A.A.D.C. (or Add. A.D.C.). Abbreviations for additional aide-de-camp. The number of aides de camp in the Union Army swelled after August 5, 1861, when Congress authorized an unlimited number of the additional aide positions. See also A.D.C.
A.A.G. Abbreviation for assistant adjutant general, the most respected and personal member of a general’s staff. Besides issuing and explaining his superior’s orders to subordinates, the A.A.G. also did many thankless tasks. Confederate Brigadier General “STONEWALL” Jackson sent his A.A.G., Captain Henry Kyd Douglas, to deliver a message to a detachment “on the other side of the Blue Ridge Mountains, somewhere near Culpepper.” When Douglas returned, worn and weary after a four-day journey of more than 200 miles, Jackson gave him a nod and dismissal: “Very good. You did get there in time. Good night.”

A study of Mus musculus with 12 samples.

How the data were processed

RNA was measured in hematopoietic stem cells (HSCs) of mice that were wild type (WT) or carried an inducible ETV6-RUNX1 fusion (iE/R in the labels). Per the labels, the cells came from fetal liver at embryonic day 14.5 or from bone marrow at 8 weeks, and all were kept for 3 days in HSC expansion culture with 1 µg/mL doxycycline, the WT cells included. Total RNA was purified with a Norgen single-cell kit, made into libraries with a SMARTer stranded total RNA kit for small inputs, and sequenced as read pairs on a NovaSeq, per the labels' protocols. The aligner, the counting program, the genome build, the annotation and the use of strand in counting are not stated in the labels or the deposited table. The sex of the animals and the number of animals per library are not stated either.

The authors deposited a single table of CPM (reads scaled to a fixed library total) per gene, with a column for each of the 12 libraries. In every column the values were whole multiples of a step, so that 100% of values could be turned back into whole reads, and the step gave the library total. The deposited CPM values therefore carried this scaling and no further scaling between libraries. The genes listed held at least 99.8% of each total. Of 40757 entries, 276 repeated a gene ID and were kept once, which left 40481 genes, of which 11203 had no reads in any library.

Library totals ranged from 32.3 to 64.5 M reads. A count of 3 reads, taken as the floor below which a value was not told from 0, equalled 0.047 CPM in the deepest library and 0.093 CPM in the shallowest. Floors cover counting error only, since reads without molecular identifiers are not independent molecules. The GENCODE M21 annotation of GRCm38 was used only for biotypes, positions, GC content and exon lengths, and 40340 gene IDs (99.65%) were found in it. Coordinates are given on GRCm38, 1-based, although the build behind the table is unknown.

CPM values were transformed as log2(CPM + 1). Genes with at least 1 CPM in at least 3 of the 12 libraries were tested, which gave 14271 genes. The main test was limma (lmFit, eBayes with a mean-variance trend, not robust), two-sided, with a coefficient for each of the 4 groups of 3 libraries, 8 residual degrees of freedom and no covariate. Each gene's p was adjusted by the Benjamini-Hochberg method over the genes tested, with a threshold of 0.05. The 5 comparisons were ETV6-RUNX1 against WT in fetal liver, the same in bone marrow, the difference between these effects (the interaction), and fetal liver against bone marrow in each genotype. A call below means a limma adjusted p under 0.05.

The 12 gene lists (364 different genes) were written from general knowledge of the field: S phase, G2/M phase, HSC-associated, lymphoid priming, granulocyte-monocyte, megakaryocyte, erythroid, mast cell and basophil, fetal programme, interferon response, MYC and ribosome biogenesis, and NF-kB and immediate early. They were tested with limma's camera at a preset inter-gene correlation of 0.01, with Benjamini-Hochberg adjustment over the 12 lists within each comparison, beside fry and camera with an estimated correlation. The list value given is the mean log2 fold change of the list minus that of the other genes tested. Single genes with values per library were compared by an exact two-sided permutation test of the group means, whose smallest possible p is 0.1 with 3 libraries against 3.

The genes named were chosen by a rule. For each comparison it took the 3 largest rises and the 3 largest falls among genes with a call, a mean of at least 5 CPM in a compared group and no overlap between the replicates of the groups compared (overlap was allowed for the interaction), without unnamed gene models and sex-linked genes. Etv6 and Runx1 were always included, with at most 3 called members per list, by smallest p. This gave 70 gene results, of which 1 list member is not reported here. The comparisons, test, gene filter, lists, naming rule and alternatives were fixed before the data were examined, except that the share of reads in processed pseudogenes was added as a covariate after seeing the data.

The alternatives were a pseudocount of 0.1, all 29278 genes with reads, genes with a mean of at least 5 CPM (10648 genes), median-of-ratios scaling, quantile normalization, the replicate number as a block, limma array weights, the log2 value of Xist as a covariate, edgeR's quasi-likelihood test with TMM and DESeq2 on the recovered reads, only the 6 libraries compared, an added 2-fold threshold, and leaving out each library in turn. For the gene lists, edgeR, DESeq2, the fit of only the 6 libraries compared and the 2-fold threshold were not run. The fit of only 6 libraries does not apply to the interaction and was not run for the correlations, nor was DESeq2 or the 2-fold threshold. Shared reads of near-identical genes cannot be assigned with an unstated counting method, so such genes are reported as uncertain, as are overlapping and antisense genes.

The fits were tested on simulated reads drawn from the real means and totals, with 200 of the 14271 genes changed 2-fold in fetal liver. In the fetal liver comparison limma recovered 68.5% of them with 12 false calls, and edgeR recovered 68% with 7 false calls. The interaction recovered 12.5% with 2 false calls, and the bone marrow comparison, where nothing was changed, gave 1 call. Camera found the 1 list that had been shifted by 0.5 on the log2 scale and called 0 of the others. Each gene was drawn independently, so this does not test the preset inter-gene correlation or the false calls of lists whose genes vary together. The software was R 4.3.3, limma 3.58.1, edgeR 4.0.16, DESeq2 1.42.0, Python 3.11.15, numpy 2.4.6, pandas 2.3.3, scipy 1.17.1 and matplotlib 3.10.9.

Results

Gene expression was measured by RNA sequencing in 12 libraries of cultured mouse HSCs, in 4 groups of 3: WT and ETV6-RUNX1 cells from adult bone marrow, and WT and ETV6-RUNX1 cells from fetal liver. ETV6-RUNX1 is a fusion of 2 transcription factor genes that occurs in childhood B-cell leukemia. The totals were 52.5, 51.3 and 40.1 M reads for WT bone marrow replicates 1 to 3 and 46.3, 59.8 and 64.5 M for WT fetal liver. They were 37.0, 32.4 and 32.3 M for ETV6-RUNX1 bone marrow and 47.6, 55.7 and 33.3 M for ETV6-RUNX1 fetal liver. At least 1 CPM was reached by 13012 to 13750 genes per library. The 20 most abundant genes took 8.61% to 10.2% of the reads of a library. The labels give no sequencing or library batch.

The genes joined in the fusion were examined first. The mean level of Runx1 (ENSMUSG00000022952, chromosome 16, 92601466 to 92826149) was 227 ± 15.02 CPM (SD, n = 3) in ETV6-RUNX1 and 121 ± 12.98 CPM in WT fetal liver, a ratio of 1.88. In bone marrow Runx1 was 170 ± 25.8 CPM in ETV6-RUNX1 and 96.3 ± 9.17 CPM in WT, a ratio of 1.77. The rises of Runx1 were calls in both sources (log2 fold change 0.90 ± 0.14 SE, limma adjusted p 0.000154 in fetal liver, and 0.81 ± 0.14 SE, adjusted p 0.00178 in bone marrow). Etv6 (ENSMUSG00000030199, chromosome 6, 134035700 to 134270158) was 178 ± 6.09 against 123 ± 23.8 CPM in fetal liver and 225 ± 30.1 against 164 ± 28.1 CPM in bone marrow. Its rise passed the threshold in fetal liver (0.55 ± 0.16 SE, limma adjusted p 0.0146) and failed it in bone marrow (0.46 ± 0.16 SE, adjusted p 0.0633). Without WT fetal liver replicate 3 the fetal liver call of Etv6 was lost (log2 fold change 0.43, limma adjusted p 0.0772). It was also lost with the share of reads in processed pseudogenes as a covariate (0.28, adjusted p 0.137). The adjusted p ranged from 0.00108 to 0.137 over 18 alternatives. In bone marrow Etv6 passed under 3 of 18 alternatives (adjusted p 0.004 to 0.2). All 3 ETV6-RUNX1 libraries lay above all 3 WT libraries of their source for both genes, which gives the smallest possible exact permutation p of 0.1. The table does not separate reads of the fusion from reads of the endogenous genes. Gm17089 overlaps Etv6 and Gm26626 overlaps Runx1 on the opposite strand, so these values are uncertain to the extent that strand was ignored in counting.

ab. An abbreviation of “abolitionist” used by southerners as a nickname for a Union soldier.
abatis A defensive barricade of large branches placed close together with the ends sharpened and facing toward the enemy. The bottom ends were anchored into the ground. An emergency abatis could be quickly constructed by locking together limbs and vines.
“Abolition!” The slogan used by slavery abolitionists. It had previously been a colonial slogan for demanding the repeal of the British Stamp Act in 1765.
abolitionized A word that began to be used in the North in 1863 to describe the Lincoln administration’s increased emphasis on abolition, as demonstrated by the Emancipation Proclamation. Some northerners believed that loyalty to the Union and the war effort was now being equated with one’s support of abolition.
abolition soldiers A southern name for Union troops.
about played out About ready to quit. A tired, demoralized soldier might describe himself as “about played out”; the phrase was also sometimes used for whole units. See also “All played out!”; play-out.
above one’s bend A slang expression meaning “above one’s reach” or “beyond one’s abilities”; e.g., “I could try to describe Susan’s beauty, but it is above my bend.”